The Mary Byron Project
Victim Advocacy Organization Turns 20
On December 6, 1993, Mary Byron celebrated her 21st birthday. She was murdered that evening by her abusive ex-boyfriend, who waited for her in a parking lot as she left work. She believed he was in jail for previously attacking her. Many thought Byron’s death was avoidable. If she had known this dangerous man had posted bail, she could have taken precautions for her safety and survived that night.
On the one-year anniversary of her murder, the first automatic notification system for crime victims, called VINE (Victim Information and Notification Everyday) was launched in Jefferson County. VINE is now used across the nation. It is a product of Appriss, a local company with global reach. For Byron’s parents, Pat and John Byron, as well as the creators of VINE and community leaders, VINE was a start but not enough. Seven years after Byron’s death, the Mary Byron Project was founded to help end intimate partner violence.
Sadly, more than 25 years after Byron’s death, domestic abuse is still at a high level in the U.S.
“It is a real problem, happening to so many – 12 million victims each year, three in 10 women and one in 10 men negatively impacted,” says Dorislee Gilbert, executive director of the Mary Byron Project.
The leaders of the organization honor Byron and her memory by working to end domestic partner violence.
“We want to do right by Mary,” Gilbert says. “This is her legacy. Many people remember Mary and what happened, and there was a response from the community to work on positive changes. What really reached people and made them take action was how Mary’s former boyfriend was released, and she didn’t know. She felt safe and tried to go on with her life.”
In the 20 years since it was created, the Mary Byron Project has given more than $1 million to fund solutions for addressing domestic partner violence nationwide.
Past recipients include DV LEAP, the Battered Women’s Justice Project, Sojourner House, Providence House Domestic Violence Services, and the New York Legal Assistance Group’s Project Eden.
Gilbert, an attorney and veteran prosecutor, began as executive director in 2019 after Marcia Roth, founding director, retired. Project leaders decided to focus on a statewide legal program to end intimate partner violence.
One way the Mary Byron Project helps is by representing survivors in court appeals related to intimate partner violence. An appeal allows a victim to ask other judges to look at a lower court’s decision to determine whether it is valid.
“Appeals can cost a lot and require specialized, technical knowledge,” Gilbert says. “Often students or legal aid represent victims in the original case, but the same resources are not available for appeals. The Mary Byron Project provides free, expert legal representation on appeal and impactful training for the legal community.“
The Mary Byron Scholars program at Assumption High School helps to raise awareness and counsel teens on how to educate classmates about dating violence. Byron was a 1991 graduate of Assumption.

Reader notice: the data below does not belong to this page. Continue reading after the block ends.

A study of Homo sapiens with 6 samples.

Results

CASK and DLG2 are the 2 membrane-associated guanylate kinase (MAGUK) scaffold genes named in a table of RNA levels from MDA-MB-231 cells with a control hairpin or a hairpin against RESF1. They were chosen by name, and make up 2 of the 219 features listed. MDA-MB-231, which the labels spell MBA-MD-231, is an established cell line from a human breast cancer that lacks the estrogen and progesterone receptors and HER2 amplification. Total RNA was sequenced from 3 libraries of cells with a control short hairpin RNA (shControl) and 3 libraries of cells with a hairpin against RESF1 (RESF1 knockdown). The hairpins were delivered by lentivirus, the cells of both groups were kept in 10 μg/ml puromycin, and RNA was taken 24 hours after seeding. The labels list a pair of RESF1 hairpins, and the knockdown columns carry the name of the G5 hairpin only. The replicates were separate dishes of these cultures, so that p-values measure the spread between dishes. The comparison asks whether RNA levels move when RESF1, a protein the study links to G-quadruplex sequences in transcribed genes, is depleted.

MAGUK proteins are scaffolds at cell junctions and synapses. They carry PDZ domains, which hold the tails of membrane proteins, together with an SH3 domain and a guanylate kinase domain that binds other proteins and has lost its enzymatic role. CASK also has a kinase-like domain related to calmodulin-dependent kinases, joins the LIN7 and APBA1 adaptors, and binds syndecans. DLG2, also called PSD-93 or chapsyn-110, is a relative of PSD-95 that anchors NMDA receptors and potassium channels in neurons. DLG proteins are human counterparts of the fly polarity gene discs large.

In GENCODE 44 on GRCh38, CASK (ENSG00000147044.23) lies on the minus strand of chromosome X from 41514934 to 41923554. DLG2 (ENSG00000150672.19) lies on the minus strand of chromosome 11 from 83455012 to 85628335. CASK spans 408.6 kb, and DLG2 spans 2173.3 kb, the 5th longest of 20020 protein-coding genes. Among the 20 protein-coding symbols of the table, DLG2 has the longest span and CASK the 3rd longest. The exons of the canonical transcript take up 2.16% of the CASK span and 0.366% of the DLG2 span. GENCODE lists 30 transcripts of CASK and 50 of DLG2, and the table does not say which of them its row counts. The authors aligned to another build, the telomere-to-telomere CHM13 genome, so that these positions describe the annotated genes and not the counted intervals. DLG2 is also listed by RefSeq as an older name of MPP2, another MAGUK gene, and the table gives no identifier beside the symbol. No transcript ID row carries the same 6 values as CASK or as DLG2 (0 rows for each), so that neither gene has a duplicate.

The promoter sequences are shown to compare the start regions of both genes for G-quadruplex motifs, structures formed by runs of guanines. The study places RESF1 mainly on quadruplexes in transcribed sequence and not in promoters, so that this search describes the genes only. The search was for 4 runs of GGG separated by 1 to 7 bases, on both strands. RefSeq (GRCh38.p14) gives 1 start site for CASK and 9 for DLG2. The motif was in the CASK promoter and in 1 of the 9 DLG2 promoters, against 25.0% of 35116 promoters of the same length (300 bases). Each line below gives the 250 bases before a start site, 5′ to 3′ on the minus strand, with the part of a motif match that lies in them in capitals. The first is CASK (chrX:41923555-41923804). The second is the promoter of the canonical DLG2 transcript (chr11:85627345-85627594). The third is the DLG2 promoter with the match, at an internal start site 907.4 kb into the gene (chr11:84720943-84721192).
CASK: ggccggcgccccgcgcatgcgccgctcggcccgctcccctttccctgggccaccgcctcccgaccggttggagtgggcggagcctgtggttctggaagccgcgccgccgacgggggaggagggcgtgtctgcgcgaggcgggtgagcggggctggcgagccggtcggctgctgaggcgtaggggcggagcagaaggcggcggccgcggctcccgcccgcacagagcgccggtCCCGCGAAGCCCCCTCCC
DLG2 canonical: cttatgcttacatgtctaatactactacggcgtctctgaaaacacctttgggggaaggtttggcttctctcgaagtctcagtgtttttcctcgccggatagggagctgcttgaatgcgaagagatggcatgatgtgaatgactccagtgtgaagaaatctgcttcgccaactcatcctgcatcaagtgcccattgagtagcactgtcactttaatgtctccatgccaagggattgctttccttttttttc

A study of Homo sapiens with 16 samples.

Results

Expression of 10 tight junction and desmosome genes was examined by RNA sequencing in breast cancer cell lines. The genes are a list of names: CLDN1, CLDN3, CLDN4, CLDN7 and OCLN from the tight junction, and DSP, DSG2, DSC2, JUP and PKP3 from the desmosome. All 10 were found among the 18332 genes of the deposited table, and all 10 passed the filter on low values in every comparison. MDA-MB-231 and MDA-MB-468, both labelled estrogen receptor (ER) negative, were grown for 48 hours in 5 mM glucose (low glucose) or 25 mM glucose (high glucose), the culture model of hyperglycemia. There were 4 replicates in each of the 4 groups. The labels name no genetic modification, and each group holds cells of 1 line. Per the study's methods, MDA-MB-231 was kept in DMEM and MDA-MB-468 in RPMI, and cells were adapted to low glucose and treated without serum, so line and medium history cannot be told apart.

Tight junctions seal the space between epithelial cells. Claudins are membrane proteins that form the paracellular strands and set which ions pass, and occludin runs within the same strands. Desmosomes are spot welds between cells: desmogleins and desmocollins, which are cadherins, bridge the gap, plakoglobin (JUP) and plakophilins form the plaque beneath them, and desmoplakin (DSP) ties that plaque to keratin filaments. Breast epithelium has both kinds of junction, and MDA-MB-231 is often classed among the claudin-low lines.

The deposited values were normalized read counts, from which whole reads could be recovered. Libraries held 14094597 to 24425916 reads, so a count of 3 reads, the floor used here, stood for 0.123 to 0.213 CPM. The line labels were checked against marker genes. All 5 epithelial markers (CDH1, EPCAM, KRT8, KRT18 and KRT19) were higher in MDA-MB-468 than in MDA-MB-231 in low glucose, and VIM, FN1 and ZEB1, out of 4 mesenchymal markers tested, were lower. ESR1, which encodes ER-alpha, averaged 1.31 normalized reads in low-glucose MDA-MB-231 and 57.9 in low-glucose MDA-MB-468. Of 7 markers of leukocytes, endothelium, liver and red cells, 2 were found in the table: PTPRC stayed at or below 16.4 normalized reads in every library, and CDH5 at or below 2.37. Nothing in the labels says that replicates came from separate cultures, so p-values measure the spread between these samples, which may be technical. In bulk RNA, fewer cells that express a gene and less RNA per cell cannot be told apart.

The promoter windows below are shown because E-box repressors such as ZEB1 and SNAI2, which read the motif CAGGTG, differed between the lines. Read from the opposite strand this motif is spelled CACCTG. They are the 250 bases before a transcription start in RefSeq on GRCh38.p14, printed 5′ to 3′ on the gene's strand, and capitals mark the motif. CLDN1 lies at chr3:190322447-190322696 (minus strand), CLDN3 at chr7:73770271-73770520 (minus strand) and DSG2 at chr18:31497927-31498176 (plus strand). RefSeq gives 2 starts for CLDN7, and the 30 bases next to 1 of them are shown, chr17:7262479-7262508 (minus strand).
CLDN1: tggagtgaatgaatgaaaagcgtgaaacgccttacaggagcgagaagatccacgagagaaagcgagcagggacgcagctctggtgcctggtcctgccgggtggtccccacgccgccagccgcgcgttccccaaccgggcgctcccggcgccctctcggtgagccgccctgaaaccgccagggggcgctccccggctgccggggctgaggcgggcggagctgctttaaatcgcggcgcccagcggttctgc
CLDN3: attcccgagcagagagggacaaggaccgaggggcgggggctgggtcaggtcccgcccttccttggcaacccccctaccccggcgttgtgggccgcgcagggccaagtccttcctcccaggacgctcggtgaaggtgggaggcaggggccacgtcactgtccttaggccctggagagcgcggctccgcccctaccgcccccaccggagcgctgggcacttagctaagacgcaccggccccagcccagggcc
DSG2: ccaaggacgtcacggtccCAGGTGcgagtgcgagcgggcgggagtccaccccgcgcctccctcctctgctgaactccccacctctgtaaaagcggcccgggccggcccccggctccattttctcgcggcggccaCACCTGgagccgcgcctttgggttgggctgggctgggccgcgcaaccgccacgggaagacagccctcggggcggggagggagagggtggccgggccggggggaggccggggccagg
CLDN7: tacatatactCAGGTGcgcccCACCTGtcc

“My heart has always been in these cases,” Gilbert adds. “When the people hurting you are the people who are supposed to love you, it’s a lonely and frightening place to be. Someone has to step in to say love doesn’t look like that.”
Regarding her journey to the Mary Byron Project, Gilbert says she initially spoke with Roth about participating.
“I looked at similar programs in D.C. and California,” she says. “I knew that I could be part of change for individual survivors and systemic change that would positively influence all domestic violence cases. As a prosecutor, I saw the frustration at how the system works, the difficulties in keeping victims safe, and the need for more understanding of intimate partner violence throughout the justice system. The Mary Byron Project is making positive change in these areas.”
This fall the organization is launching a virtual 20th anniversary event to celebrate accomplishments, raise awareness, and continue to bring positive change. As it has for many others, COVID-19 has brought challenges, but project leaders have continued to represent survivors in appeals and have held many trainings and events online.
While Gilbert emphasizes that the justice system should be a place where those who have been victimized by intimate partners can turn for legal protection, she insists that our individual behaviors make a difference. She says the riskiest time for victims of intimate partner violence is when they try to leave the relationship, and she offers hope.
“When we as individuals listen to victims without judging how we think they should have reacted, and when we discourage gender-based stereotypes and biases that excuse and allow abuse to flourish, we make the world a safer place to survive and escape intimate partner violence,” Gilbert says.
Gilbert says victims who are currently experiencing abuse can obtain assistance from the Center for Women and Families, the Louisville area domestic violence shelter, or the National Domestic Violence Hotline. The Center’s toll-free number is 1-844-237-2331, and its website is thecenteronline.org. The Hotline can be reached at 1-800-799-7233, and its website is thehotline.org.
For more information on the Mary Byron Project, visit marybyronproject.org, and call 502-992-3444.